Vibrant live music was playing inside the Rock Nest Ranch main building on Aug. 31 while Gordon Stobbe, mandolin and fiddle instructor, explained what Fiddlefest is all about.
“We’re trying to make good musicians, in my case good fiddlers, but in the long-run what we are really trying to make is better human beings,” animated Stobbe.
People from all over come to the camp to learn how to play a certain instrument from fiddle, mandolin, guitar, and piano. It is a place of networking to build interest and community within the musical arts.
At the Rock Nest Ranch, it is a vigorous week of learning focused on orchestral play. Each instructor is given a class, and in the morning everyone gathers together to learn a section of the orchestra piece which they later perform together.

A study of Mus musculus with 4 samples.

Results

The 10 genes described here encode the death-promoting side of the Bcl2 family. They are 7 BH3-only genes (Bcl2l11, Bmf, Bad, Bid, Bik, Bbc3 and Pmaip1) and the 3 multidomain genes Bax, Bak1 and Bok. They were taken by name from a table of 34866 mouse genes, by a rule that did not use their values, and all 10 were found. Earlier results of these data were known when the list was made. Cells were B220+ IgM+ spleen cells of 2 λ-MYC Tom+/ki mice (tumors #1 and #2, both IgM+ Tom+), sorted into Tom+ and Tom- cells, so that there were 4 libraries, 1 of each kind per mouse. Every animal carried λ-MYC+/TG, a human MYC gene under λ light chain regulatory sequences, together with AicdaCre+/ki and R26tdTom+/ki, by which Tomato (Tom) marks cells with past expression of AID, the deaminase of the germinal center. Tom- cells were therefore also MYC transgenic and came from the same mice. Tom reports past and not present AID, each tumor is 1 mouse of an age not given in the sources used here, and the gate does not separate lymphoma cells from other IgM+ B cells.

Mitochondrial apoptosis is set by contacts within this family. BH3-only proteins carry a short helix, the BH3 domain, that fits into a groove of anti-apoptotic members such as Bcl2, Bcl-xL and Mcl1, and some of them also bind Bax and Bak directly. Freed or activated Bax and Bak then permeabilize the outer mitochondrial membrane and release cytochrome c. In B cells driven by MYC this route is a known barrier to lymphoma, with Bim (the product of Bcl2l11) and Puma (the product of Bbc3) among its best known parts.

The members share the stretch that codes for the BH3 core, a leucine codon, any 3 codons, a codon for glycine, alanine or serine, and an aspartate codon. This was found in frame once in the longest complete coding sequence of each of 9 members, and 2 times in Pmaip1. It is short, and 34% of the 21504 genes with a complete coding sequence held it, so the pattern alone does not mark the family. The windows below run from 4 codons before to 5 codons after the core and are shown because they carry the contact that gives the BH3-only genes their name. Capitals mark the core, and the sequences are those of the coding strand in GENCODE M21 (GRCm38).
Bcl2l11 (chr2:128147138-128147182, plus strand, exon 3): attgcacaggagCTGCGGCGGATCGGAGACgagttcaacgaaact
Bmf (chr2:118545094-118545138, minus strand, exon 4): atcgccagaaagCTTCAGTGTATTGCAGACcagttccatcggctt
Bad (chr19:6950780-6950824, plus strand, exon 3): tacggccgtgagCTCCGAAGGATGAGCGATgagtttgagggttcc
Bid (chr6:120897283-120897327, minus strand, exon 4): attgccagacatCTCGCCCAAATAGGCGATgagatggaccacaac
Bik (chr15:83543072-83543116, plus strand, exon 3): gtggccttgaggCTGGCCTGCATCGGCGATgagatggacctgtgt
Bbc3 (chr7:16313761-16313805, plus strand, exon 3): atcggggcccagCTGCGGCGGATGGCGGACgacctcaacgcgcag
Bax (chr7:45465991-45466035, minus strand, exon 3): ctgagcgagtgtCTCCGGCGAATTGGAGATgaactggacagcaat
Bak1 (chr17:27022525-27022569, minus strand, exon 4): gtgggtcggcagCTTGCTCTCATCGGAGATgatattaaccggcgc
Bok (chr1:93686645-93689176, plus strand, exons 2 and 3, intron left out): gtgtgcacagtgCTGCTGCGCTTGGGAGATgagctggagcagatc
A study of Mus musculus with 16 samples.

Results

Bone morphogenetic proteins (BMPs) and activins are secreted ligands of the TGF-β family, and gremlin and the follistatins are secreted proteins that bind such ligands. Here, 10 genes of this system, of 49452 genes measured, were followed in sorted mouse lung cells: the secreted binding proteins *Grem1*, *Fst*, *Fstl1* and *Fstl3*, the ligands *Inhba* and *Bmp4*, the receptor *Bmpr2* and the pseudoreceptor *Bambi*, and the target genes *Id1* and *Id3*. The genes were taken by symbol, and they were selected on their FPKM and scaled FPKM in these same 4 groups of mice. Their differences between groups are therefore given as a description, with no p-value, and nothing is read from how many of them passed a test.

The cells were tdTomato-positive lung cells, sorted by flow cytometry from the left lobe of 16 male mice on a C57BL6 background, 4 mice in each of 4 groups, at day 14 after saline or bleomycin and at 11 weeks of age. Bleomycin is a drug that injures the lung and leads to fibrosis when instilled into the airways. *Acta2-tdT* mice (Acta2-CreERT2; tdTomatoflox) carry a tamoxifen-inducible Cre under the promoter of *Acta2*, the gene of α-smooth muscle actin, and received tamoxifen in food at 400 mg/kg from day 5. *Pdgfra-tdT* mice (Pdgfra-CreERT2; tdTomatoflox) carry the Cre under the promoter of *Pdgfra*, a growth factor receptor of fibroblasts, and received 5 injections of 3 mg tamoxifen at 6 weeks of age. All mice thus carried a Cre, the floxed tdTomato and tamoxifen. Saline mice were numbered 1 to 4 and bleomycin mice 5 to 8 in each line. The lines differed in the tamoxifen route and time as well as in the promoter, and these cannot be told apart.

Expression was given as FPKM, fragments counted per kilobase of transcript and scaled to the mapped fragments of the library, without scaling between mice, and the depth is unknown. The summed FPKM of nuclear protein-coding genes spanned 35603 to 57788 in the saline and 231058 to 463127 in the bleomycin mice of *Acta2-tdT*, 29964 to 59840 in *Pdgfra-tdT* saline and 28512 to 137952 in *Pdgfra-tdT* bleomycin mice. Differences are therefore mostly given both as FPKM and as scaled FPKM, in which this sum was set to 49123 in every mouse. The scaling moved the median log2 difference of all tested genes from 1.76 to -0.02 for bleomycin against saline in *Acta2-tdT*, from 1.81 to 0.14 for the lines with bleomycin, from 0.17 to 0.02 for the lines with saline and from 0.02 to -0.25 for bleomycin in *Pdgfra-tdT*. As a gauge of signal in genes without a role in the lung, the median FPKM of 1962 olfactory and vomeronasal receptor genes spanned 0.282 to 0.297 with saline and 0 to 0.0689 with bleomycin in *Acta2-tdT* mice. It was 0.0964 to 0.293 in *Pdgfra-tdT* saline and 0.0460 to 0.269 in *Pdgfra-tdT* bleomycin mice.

In the afternoon each instructor meets with their class to focus on learning how to just play their chosen instrument. There is a third workshop in the evening and then later to close the day there is a big dance each night.
The instructors at Fiddlefest come from all over Canada. “These are very high end people. In our business these are the cream of the crop,” said Stobbe. Stobbe is from Nova Scotia, there were other instructors from Ontario, and the rest are from all over B.C.
“The lessons that you learn here about cooperation, of harmony, of caring about younger kids, of responsibility, and respect those are lessons that go far beyond playing a fiddle and being in a band. Those are lessons that go into life.”
Fiddlefest is a place for musicians of all kinds to be apart of a welcoming community that carries on the passion and values of playing an instrument by sharing that enthusiasm and knowledge over to the next generation.